Northrop Grumman Survivability Engineering specializes in the test and analysis of semiconductor devices and materials for satellite, aircraft, and ground applications, in both natural and enhanced environments.
Northrop Grumman offers radiation characterization of a variety of electronic components - including analog, digital, and mixed signal devices - with quick turnaround and at very affordable prices. With over 20 years of experience in the field of radiation testing and analysis, Northrop Grumman can select the best approach to satisfy your requirements.
Our basic rad testing offers the following services utilizing both internal and external facilities:
- Single Event Effects
- Proton Effects
- Neutron Effects
- Prompt Dose
- Total Ionizing Dose / ELDRS
- Radiation Testing of Die using our ARACOR X-ray irradiator, probe setup and flexible on-line parameter analyzer system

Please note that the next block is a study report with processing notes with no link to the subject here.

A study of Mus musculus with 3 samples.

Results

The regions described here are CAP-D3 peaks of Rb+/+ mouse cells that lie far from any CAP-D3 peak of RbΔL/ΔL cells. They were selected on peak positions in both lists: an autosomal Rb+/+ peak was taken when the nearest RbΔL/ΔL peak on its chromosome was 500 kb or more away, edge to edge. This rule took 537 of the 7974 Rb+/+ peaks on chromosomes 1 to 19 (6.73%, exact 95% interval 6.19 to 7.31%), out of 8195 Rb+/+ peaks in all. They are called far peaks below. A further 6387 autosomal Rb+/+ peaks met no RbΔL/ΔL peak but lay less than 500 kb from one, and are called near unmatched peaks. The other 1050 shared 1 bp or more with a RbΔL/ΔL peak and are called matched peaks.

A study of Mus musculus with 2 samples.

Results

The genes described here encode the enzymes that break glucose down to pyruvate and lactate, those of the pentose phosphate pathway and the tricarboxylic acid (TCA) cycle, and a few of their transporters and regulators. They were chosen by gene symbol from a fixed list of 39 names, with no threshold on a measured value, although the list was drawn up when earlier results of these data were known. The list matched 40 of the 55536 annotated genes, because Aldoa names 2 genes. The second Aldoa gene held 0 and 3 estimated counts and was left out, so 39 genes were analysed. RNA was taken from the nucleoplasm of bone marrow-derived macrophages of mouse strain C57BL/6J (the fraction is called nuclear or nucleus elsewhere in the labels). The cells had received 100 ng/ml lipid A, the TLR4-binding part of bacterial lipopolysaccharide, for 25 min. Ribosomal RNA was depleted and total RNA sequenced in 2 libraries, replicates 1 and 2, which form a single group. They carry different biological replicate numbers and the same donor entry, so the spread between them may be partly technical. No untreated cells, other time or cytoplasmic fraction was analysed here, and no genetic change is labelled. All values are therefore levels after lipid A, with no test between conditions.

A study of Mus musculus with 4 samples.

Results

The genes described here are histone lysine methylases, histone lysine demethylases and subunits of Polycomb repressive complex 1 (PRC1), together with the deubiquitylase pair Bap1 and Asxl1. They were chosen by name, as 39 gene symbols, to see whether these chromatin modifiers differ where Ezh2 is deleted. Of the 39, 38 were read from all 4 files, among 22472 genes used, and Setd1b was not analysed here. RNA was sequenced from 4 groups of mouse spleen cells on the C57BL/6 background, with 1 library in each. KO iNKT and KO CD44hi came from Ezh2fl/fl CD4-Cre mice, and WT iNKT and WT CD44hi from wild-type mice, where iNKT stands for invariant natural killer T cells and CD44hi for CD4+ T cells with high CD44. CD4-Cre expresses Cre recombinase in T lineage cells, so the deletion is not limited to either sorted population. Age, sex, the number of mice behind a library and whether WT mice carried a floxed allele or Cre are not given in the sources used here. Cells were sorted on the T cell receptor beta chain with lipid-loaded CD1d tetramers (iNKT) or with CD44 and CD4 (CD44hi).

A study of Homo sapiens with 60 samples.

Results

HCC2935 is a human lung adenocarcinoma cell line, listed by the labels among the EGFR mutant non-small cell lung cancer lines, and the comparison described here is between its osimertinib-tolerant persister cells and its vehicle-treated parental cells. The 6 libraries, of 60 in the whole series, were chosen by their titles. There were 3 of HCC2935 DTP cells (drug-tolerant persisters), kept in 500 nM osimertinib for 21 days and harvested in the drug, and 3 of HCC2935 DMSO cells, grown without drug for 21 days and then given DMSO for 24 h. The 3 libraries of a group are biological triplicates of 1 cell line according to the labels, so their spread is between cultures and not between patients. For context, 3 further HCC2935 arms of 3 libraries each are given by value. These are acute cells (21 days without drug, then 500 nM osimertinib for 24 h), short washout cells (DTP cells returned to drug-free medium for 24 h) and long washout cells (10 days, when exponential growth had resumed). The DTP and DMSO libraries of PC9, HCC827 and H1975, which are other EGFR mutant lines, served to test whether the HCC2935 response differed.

- Design and construction of DUT board
- Post-rad anneal
- Electrical characterization pre-rad, post-rad, and in-situ.
- Short report and data
Other services include:
- Space Radiation Environment Analysis - Detailed shielding analysis
- Determination of anticipated dose within shielded boxes for given orbital parameters
- Radiation Transport Analysis of transmitted dose and buildup factors from the transport of alpha, beta, gamma-rays, protons or neutrons through shielding material.
- Specialized Test Equipment (STE) design and development
- Sample preparation
- Software Development
- Full test reports including system impact modeling and compliance determination and certification
Analytic expertise includes:
- Space Environment Analysis (Charging, Plasma Effects, Atomic Oxygen, Ultraviolet, MMOD, radiation transport)
- Mitigation techniques (including EDAC, filtering, latchup suppression, shielding modification, TMR)
- PMPCB services
- Weapons effects testing and analysis
- Expertise in relevant software includes CREME96, NOVICE, SPENVIS, SPACERADIATION, ORDEM2k, and SRIM/TRIM
Survivability Engineering offers consultations ranging from Semiconductor Physics to Systems Engineering.